Five suggestions for conservative evangelicals responding to Orlando

Five suggestions for conservative evangelicals responding to Orlando June 13, 2016

Source: Orlando Police Department via Wikimedia Commons
Source: Orlando Police Department via Wikimedia Commons

I had some really rich conversations this weekend with very thoughtful, compassionate conservative evangelicals at our annual United Methodist gathering in Louisiana. And then the Orlando shooting happened. Since I speak evangelical, I wanted to offer some suggestions to my people about ways to respond and not respond to the tragedy.

1. Don’t be defensive

There are a lot of hurt people on the Internet right now and some of them are probably saying things that feel very unfair to you. Most people in the queer community have dealt with emotional and physical abuse all of their lives so from their perspective, a massacre at a gay nightclub is part of a lifetime of oppression that also includes getting bullied in middle school and being rejected by their churches. Part of how you can show grace for people who have been oppressed all their lives is not to get defensive even if you feel unfairly blamed for a violent act you had nothing to do with.

2. Don’t try to control the narrative

I’ve seen some conservatives say things like “This was an attack on all Americans” or “Sexuality has nothing to do with this.” It’s very hurtful to queer people when you talk that way. When a gay club is targeted for a massacre, sexuality has everything to do with it. You’re not allowed to own the victimhood for this tragedy as simply a fellow American. You will never experience the complete devastation that queer people in our country are going through right now in the middle of their Pride season. Whatever you believe about sexuality, it’s insulting and inhumane to try to erase the queer identity of the victims.

3. Please don’t argue about LGBTQ topics for a while

Can you please take a break from arguing about whether or not homosexuality is a sin, where transgender people should use the bathroom, or other culture war topics? Silence does not signify that you don’t still have strong opinions; it simply shows respect. How many people’s minds have you honestly seen changed through all the hours of social media jousting? If someone tries to bait you into arguing (which will definitely happen, possibly a lot), then just say you’re choosing not to engage in conversation on this topic for a while. Your willingness not to be argumentative right now will be a powerful witness that shows the strength of your discipline and honor.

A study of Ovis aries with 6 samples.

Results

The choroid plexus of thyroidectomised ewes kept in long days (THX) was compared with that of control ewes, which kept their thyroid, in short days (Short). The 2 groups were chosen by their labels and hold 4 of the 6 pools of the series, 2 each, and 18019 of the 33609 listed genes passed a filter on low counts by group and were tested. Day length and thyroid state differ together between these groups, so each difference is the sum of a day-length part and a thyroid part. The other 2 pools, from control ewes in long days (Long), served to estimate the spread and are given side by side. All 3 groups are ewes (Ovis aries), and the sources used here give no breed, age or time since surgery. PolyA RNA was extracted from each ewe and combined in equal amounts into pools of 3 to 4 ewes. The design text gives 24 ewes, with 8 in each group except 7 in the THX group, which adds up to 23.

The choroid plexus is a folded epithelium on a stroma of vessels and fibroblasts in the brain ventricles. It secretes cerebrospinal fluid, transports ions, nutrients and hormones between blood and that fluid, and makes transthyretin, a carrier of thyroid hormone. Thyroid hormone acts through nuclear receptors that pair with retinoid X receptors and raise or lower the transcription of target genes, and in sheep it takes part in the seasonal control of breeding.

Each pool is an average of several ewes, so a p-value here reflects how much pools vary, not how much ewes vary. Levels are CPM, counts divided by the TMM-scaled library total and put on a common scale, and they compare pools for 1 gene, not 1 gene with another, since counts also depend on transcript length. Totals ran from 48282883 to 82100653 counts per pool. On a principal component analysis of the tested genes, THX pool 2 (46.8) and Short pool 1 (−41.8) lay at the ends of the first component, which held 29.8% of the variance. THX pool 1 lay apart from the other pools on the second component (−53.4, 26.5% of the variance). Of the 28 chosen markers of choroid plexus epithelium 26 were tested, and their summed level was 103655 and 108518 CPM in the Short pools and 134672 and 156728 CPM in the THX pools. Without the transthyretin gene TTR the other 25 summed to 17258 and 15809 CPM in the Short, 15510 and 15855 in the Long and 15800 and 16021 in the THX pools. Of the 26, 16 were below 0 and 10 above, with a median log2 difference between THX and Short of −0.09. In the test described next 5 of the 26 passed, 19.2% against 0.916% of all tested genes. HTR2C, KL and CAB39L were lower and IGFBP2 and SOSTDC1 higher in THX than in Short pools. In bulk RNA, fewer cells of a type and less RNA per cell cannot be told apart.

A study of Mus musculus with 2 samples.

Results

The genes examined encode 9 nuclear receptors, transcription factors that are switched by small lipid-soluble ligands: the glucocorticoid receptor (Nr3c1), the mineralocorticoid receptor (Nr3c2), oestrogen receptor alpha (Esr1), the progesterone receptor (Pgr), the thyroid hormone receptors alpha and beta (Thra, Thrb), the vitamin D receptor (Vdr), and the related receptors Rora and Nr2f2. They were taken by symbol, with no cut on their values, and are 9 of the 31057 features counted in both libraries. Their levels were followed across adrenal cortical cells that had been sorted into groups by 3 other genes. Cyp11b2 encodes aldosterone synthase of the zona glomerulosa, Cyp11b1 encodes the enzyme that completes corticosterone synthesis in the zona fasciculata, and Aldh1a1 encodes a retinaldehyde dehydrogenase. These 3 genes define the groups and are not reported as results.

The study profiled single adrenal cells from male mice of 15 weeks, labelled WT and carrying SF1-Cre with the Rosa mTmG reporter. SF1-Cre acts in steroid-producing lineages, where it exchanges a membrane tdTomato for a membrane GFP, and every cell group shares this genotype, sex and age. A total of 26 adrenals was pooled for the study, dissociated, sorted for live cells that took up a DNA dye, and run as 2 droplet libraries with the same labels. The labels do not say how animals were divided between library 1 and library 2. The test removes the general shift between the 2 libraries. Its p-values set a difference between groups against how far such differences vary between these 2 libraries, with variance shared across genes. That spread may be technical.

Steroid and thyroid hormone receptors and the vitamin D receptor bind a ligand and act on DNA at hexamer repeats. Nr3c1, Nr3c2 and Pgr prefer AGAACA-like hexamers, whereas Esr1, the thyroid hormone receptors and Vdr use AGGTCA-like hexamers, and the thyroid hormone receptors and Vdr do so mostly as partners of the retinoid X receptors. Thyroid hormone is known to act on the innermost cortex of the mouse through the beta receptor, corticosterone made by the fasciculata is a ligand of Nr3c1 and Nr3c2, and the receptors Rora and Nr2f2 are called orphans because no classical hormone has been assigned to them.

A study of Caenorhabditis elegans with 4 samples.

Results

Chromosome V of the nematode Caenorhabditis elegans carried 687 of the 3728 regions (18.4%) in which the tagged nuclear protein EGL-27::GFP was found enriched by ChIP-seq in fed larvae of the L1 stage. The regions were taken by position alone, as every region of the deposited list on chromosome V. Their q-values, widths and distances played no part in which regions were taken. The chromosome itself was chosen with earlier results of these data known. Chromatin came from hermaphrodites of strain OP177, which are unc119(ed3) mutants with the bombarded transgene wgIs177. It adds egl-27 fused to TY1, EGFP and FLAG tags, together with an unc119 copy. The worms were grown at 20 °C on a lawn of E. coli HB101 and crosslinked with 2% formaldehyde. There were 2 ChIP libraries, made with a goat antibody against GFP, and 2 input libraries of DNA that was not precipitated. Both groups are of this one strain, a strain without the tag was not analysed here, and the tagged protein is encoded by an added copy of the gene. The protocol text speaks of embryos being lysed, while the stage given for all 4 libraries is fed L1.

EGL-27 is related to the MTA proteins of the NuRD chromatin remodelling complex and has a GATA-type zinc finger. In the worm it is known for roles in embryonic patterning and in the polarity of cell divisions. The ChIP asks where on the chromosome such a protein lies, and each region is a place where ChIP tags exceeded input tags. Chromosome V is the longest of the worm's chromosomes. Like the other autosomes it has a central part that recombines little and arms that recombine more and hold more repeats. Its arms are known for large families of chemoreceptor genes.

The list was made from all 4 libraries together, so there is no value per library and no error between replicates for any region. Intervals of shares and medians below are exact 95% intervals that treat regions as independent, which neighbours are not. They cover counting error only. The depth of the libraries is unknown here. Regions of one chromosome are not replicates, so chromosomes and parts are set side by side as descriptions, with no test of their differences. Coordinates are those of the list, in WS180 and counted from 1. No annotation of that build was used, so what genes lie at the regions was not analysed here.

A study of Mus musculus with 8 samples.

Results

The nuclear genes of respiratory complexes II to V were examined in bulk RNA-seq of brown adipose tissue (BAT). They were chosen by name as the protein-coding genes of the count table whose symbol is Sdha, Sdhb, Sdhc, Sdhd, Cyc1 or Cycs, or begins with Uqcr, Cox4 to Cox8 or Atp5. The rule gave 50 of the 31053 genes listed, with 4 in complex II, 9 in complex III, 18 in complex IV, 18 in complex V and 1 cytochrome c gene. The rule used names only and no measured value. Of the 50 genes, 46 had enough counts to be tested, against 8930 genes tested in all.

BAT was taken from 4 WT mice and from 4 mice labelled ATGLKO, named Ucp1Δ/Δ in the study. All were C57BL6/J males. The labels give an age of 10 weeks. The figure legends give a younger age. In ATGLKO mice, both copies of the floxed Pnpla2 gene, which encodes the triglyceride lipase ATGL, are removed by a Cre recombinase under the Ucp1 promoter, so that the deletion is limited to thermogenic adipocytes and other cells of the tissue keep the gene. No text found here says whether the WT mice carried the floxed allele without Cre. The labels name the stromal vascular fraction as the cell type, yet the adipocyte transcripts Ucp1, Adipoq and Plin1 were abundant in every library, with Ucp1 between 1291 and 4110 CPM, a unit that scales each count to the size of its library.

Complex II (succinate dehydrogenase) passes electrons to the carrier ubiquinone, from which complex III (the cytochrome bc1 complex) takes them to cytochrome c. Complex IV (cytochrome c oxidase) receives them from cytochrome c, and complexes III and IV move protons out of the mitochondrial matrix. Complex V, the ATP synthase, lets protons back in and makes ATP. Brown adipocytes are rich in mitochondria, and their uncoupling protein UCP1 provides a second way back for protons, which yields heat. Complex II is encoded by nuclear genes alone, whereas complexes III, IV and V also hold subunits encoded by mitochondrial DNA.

4. Take the opportunity to reflect and repent

I’m not saying it’s your fault what Omar Mateen did. But I’m sure you’ve contributed, as I have, in some way to the un-Christlike harm that has been done to the queer community over the years. Regardless of what you believe about sexuality, few conservative evangelicals with integrity would dispute the fact that the American church has horribly betrayed Christ in the way we have talked about and treated the queer community. Hundreds of thousands of people in our culture have been lost to the gospel because of the way the American church has fetishized the gay issue. I’m sure we have different understandings of the exact nature of our sin. I believe the idolatry of the heteronormative nuclear family is a sin and that creating a unnecessary stumbling block to the gospel through the church’s obsession with gayness is a sin. However differently you understand our sin, “if we claim to be without sin, we deceive ourselves and the truth is not in us” (1 John 1:8).

5. Find a way to show authentic love for the queer community

The best Christian response to the tragedy right now is to find a way to show unconditional love to the queer community. If you can’t say something loving without slapping a bunch of qualifications on it, then don’t say anything at all. It doesn’t mean that you have renounced your opposition to the gay lifestyle if you go to a Pride parade or a candlelight vigil, or if you put something rainbow-colored on Facebook or wear something rainbow-colored to work. If someone you know is gay, you can make a point to check up on them and make sure they’re doing okay. Try not to be overly contrived and sappy about it. Just say something like “I know it’s been a hard week, and I wanted to make sure you’re all right.” Your ability to show love without putting an asterisk or a “but” on it is the best witness you can provide right now.